Murder on Retreat
“You can’t be serious.”
Dev, Sarah’s husband, was seldom surprised about the behavior of corporate executives. After all, he had long since decided that he was not cut out to pay what it would cost him to climb that ladder. He was content to run his successful software consulting business out of the house. Working on a laptop in his sweats with a cup of non-corporate coffee suited him admirably. He did like hearing Sarah’s tales about what went on in the large and stuffy company she worked for, if only so he could enjoy the contrast.
Sarah was an internal organization development consultant. Her work often took her to the 33rd floor where the executives worked – though Dev doubted that they did much work for their seven-figure salaries plus perks. She had just finished regaling him with the latest “flavor of the week;” a series of seminars led by a corporate guru and driven by the CEO, Todd Halstedt.
“Really, I am. Todd has worked privately with him for a year or two. He believes that the man has something to teach businesses about effective decision-making. Apparently, he has interpreted and developed some knowledge and practices from an Eastern mystic and applied them to the corporate world. Now Todd wants to have all the executives and managers in the company go through a program to learn the concepts, language, and practices so everyone will be aligned.”
“Aligned for what? To march off the cliff like a bunch of lemmings? What does ‘Todd the Almighty’ have in mind?” Dev was always highly skeptical of anything that sounded regimented or ritualistic. He had done his time as an altar boy and knew from overheard conversations how often the priests themselves had just gone through the motions of the liturgy while being occupied with more worldly concerns such as the horses they were planning to bet on later that day.
“He thinks that his own decision-making has benefited from the discipline his guru imposes. He’s pretty happy with the strategic direction he is taking the company and with the key people he has hired or promoted, but he doesn’t like what he sees the other executives doing. They seem to be all over the place, in his opinion, and that is holding Martech back from taking over the world.”
Dev was relieved to see Sarah’s lip curl a little as she said this. “So how does he plan to impose this so-called discipline? “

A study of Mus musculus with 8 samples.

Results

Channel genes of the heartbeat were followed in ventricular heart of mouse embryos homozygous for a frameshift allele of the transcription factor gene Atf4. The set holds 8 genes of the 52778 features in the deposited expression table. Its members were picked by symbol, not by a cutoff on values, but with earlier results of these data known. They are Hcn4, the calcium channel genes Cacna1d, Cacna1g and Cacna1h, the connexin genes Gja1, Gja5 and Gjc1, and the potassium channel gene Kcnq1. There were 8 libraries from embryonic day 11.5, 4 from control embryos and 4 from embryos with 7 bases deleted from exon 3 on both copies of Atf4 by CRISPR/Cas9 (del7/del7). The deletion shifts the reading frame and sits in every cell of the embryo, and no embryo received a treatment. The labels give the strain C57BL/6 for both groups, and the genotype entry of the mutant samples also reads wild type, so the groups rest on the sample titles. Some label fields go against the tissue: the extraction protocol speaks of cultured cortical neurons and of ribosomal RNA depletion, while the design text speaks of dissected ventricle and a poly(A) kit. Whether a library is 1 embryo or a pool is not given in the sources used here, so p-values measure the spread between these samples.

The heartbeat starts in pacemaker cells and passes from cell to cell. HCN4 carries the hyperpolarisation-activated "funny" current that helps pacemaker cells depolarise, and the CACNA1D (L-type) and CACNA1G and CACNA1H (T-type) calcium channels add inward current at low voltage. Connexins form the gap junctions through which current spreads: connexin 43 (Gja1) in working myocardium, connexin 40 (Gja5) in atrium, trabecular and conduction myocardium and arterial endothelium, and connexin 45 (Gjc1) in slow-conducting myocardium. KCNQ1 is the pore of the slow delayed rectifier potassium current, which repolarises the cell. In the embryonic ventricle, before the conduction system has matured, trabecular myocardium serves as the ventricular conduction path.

“He has contracted with the guru – he calls himself Scorpio – to take the top executives through an intensive session. Then Scorpio’s associates and three internal facilitators, including me, will provide workshops for the rest of the managers and do some follow-up work to make sure the values, principles, and process are actually being used.”
“What about your other projects? Your coaching clients?”
Dev had touched on a sore spot for Sarah. It was clear that this change effort would take over her work life. She was mildly flattered at having been asked to be a facilitator. This would clearly be the biggest and most visible project at Martech for some time to come. Still, she was uneasy about losing control of her role and her time. What would happen when the project was completed – or if it crashed and burned? And was this really a good idea? She didn’t know much about Scorpio or the Scorpio process. She was suspicious of anybody who claimed to have The Answer. And there was a lot of grumbling in the higher echelons of the company about the amount of money being spent on this guru while they were being asked to “do more with less.”
“The corporate retreat for the top 50 people is scheduled for early next month in the Napa Valley. I’ve been asked to observe and to facilitate small group discussions as the first phase of my training. That will be my chance to see what I think of the process and of Scorpio himself. I suppose if I don’t like it I can back out.”
“At some cost, I imagine. I can’t quite get over how woo-woo this whole thing sounds. It seems really odd for a company as traditional as Martech to go full-throttle into the New Age – especially when the New Age has been over for a long time, as far as I know. Still, anything that happens in the Napa Valley can’t be all bad. Let’s drink to that.” Dev opened a bottle from Castello di Amorosa – a favorite winery that was housed in a rather authentic-looking faux castle near Calistoga.